Turkish Prime Minister Recep Tayyip Erdogan was graciously welcomed in Lebanon for a two-day visit. Aside from the diplomatic reception and the honour guard, the streets of Beirut were embellished with Turkish flags and posters of welcome.
On his visit, Prime Minister Erdogan urged Lebanon's rival factions to unite and overcome the cries linked to the UN-backed Special Tribunal for Lebanon investigating the assassination of former prime minister Rafiq Al-Hariri.
Turkey would "work to help preserve the unity of Lebanon," Erdogan said after a meeting with Lebanese parliament speaker Nabih Berri.
Erdogan underlined the importance of avoiding a civil conflict that could spread through the region while meeting with Lebanese President Michel Suleiman and Berri, a Lebanese government official said on condition of anonymity.
The premier's visit comes as Lebanon anxiously awaits an anticipated indictment by the Special Tribunal for Lebanon, which is investigating the 2005 bombing that killed Rafiq Hariri and 22 others.
"The aim of [Erdogan's] visit was to sign bilateral agreements... and strengthen quadripartite ties among Turkey, Syria, Jordan and Lebanon," Suleiman's office said. "The meeting also covered... the importance of finding solutions to all matters related to the international tribunal."
Tensions are soaring in Beirut as the STL is reportedly set to implicate high-ranking Hezbollah operatives in the Hariri murder, a move the militant party has warned against.
Erdogan, whose country played a key role in mediating now-frozen peace talks between Syria and Israel, said Turkey would do everything in its power to prevent war in Lebanon, in comments published hours ahead of his visit.
"Today we stand by Lebanon as we always have," he said.
As usual, Erdogan's words were very sharp when it came to Israel, the Turkish premierstressed on the protection of rights in Gaza and Jerusalem calling on Israel to retract its mistakes and apologise. Talking to a populace gathering in Akkar in north Lebanon, the premier comforted his recipients saying should there be a war, Israel would be at loss.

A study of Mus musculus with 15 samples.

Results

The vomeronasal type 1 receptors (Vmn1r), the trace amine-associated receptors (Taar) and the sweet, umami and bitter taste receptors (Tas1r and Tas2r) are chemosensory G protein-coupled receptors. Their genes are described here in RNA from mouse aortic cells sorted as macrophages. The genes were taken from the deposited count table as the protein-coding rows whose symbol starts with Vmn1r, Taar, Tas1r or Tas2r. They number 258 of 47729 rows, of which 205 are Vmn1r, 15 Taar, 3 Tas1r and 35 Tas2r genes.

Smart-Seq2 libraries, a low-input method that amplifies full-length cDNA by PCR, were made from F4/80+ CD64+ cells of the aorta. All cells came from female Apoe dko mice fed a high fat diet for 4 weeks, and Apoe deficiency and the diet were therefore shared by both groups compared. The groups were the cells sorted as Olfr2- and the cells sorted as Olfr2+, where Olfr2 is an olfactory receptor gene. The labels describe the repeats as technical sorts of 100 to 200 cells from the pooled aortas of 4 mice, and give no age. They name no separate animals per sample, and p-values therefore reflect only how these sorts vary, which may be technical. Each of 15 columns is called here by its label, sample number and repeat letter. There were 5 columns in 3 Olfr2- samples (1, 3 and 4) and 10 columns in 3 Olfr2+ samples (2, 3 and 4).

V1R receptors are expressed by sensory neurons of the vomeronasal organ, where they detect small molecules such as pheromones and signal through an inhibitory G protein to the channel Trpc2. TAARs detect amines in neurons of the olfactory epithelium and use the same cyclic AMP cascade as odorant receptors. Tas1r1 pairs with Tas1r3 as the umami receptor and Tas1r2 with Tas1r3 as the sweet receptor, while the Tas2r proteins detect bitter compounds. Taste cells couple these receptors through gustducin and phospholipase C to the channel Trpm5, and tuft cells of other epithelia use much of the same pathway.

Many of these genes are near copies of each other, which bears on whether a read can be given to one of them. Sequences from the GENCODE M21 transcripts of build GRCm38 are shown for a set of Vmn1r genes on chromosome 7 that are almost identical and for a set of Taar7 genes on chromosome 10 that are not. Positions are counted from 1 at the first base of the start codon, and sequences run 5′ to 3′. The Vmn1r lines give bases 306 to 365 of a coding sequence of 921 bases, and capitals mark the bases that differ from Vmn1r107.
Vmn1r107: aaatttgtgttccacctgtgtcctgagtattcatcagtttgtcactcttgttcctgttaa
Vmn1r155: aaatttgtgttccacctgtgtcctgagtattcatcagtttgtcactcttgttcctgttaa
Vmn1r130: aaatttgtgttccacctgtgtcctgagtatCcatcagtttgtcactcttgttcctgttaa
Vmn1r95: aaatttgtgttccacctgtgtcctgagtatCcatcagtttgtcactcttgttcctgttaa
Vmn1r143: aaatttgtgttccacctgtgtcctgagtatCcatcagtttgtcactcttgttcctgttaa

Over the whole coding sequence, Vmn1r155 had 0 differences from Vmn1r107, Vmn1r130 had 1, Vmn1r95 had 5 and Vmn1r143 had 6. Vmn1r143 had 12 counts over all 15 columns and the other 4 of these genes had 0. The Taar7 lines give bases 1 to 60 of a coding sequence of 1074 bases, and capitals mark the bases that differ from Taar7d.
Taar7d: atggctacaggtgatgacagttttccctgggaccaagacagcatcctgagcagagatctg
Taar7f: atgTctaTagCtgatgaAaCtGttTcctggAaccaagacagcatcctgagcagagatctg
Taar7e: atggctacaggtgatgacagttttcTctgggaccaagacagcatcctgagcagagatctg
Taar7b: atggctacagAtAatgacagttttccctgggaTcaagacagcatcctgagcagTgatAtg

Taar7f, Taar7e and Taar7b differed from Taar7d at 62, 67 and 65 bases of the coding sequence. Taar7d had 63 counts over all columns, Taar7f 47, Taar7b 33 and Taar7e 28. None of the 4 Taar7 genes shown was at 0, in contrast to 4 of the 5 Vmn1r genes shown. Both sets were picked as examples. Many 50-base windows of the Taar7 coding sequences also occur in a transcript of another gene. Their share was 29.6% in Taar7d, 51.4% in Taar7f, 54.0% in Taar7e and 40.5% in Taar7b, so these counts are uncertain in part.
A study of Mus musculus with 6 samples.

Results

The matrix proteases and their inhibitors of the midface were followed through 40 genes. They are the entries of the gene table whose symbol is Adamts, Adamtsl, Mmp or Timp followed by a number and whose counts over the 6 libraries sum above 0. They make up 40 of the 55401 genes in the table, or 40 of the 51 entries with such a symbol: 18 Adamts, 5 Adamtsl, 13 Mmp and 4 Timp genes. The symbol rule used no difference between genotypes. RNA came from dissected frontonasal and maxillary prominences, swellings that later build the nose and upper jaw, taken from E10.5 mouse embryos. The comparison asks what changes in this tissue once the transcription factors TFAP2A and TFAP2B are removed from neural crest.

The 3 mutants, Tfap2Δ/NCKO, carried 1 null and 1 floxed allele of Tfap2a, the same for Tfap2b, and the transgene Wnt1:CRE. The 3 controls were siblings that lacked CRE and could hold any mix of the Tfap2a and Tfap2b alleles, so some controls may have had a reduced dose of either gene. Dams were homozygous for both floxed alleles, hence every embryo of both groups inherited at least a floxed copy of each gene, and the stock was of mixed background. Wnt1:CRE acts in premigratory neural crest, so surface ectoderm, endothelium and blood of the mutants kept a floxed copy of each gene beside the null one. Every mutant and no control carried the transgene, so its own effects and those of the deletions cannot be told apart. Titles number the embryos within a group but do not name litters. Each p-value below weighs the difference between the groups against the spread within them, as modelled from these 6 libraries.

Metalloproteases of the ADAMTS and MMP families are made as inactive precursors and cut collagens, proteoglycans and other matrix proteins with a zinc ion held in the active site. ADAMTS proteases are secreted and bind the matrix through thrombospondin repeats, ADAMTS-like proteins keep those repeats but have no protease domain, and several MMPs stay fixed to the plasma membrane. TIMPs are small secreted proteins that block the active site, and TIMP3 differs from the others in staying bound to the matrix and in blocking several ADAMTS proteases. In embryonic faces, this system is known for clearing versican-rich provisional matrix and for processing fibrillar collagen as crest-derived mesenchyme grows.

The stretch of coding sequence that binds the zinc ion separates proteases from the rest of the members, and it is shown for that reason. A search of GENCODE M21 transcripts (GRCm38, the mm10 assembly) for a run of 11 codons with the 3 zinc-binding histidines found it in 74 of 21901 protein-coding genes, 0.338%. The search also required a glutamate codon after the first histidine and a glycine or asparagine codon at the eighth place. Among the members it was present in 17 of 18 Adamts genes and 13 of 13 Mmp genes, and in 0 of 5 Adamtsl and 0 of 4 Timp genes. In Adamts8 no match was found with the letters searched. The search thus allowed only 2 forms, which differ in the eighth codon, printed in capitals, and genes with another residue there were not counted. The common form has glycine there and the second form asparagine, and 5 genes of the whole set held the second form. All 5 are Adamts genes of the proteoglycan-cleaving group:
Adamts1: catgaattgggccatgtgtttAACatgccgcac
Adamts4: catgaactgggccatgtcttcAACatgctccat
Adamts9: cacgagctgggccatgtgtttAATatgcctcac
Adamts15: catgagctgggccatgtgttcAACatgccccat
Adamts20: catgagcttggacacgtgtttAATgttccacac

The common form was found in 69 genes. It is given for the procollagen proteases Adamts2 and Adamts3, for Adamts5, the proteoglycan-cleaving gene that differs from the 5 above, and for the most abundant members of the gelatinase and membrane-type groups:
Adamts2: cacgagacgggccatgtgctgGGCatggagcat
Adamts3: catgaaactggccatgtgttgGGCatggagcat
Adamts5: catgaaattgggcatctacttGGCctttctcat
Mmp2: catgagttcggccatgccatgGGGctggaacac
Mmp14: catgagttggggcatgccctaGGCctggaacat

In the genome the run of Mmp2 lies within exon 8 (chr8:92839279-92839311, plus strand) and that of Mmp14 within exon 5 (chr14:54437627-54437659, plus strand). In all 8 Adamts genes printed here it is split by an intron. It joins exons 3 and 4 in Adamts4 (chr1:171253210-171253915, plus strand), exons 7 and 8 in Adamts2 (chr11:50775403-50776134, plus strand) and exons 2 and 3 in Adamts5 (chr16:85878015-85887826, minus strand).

Turkey is widely seen as aiming to position itself as a central regional mediator in the troubled Middle East.
In the evening, Erdogan told a joint news conference with Hariri that he had contacted Syrian President Bashar al-Assad before his visit and would get in touch with him again on his return to Ankara to "evaluate the situation."
"Lebanon must be free of these pressures... we hope it finds stability," said the Turkish leader.
Hariri welcomed the comments and said that "dialogue is essential. We must give dialogue a priority."
He also reiterated the UN-backed tribunal was established under UN Security Council resolutions and "nobody can change that," in reference to Hezbollah's call for a boycott of the proceedings.
Hariri and Erdogan signed a free trade agreement between the two countries, after an agreement was reached earlier this year on establishing a free trade zone that also includes Jordan and Syria.
Erdogan is due to visit Turkish troops serving the UN peacekeeping force in southern Lebanon and will also inaugurate a Turkish-funded medical centre that specialises in treating burn victims in the southern coastal city of Sidon.
Despite the generally cordial reception of Erdogan, his arrival in Beirut was punctuated by a group of Armenians protesting what they say was genocide against their community by Turkey's precursor, the Ottoman Empire, in the early 20th century.